Some people say that Retsina, the resinated wine produced in Greece since ancient times, is an acquired taste. I’ll agree – I acquired it immediately. Not everyone agrees – the Epicurious Dictionary describes the flavor as “sappy and turpentinelike”. But cooking expert Sheila Lukinsbreaks ranks and calls it the “quintessential Mediterranean wine”, applauding it as an accompaniment for all types of Mediterranean cuisine. Like most Greek beverages, such asouzo, it is undeniably at its best when combined with Greek foods, especially the savory mezedes served as appetizers. Try retsina in its native environment and you may well respond to it like a true Greek yourself.
Retsina was born of the need to preserve and ship wines in pine-pitch sealed vessels. Ancient wines varied substantially in quality and tended to spoil. In efforts to avoid this, wines were often adulterated with exotic ingredients, from herbs to sea water. Due to the pine oils, Retsina was thought of as wood nymph tears, though how it was collected from those shy nymphs is not recorded.
Gaia Vineyards is one of a handful of Greek companies attempting to increase the quality of retsina, and to improve its reception overseas. Their Ritinitis Nobilis is an effort to grant retsina the respect of winelovers. However, a name change might boost sales -be reassured that the only effect this wine will have on your vision is if you drink far too much of it.
In recent years, it seems like many of the retsinas are less resinous than they were, as both young Greeks and tourists turn away from the strong pine flavor. Generally, the more traditional-looking the label, the stronger the pine flavor will be. If something looks trendy or designed for export, it may not be as strong.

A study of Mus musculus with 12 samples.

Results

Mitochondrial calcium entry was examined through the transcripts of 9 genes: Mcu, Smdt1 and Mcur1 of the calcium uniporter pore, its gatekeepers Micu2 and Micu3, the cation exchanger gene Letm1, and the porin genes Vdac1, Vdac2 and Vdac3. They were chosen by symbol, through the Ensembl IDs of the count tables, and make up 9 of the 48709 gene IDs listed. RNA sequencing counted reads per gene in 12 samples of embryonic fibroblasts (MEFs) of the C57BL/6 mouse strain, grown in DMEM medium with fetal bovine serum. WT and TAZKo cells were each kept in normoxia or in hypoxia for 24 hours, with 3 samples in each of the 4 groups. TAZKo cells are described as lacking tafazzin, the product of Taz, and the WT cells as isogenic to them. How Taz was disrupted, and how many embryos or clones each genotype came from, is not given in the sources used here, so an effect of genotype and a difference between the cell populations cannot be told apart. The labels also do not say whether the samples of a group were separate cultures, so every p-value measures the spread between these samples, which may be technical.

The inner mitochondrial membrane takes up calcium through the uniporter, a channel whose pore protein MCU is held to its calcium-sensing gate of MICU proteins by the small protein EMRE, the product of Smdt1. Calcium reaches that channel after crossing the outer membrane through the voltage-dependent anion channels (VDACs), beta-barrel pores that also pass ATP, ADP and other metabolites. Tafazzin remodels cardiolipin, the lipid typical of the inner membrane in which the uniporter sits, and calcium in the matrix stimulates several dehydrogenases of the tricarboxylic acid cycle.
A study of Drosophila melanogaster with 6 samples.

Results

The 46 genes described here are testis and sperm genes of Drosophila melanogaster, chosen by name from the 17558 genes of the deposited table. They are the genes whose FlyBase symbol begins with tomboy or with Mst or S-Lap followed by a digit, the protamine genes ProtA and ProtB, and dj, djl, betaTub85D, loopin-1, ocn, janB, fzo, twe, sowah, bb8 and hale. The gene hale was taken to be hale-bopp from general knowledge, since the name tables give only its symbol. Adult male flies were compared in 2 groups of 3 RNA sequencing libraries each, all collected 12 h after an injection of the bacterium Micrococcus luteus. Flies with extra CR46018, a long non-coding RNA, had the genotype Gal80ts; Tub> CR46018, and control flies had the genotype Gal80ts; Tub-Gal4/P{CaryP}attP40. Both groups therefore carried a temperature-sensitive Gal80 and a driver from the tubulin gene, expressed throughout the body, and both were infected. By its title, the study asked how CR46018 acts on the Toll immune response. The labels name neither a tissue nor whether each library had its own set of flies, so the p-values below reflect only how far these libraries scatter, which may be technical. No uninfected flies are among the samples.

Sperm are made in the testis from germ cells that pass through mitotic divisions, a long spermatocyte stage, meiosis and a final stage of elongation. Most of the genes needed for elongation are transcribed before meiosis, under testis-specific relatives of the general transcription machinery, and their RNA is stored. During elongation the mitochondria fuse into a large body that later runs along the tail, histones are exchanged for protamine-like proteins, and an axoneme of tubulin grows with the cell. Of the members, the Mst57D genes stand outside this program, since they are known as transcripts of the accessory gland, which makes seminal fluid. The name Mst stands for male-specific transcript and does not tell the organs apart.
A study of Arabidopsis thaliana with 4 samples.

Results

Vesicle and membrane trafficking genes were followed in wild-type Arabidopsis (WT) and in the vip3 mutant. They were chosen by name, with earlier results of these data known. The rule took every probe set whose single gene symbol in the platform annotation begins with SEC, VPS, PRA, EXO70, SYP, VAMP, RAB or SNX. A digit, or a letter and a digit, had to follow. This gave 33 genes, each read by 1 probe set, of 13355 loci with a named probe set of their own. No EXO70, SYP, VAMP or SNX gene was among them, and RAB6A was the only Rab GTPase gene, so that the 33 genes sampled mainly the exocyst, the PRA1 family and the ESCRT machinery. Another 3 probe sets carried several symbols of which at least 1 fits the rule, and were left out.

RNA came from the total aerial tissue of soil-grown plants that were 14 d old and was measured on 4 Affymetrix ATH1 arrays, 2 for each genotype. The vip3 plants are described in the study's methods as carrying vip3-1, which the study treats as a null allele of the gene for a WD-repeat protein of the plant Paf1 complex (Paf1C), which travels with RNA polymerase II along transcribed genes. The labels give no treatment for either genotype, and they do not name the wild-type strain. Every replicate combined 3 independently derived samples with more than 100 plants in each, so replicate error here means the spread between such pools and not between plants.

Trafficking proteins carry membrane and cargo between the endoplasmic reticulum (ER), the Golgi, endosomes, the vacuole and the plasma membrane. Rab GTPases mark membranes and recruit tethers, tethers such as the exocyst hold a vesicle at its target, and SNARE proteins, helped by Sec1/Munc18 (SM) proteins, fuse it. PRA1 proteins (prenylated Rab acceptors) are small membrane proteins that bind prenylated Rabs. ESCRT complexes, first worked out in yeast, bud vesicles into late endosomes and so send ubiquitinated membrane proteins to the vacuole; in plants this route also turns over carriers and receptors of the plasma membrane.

Some feel that Boutari’s Santorini wine carries a resinous flavor, though that may be a trait from the highly volcanic soil and slightly vaporous air on the island. By the way, Santorini is filled with truly great Retsina spots. Try any of the cliffhanging taverns in Fira or, for a splurge, enjoy The Pyramid restaurant, particularly at sunset. A last-chance spot is the pleasant seaside tavern by the quay where the cablecar deposits passengers. For cruise ship passengers, it’s a last sip of Santorini magic before piling onto the tender for the return trip to the mother ship.
An outstanding resource for understanding and appreciating Greek wine is Nico Manessis’ The Greek Wine Guide, a beautifully illustrated, comprehensive volume on the many wines of Greece.
Achaia Clauss’ Retsina Appellation Traditionelle helped wine critic Robin Garr suspend disbelief about Retsina’s quality as a wine, if only temporarily.
Never miss an opportunity to enjoy the wines of Greece during your travels, and at home. As they say on Crete, Yamas!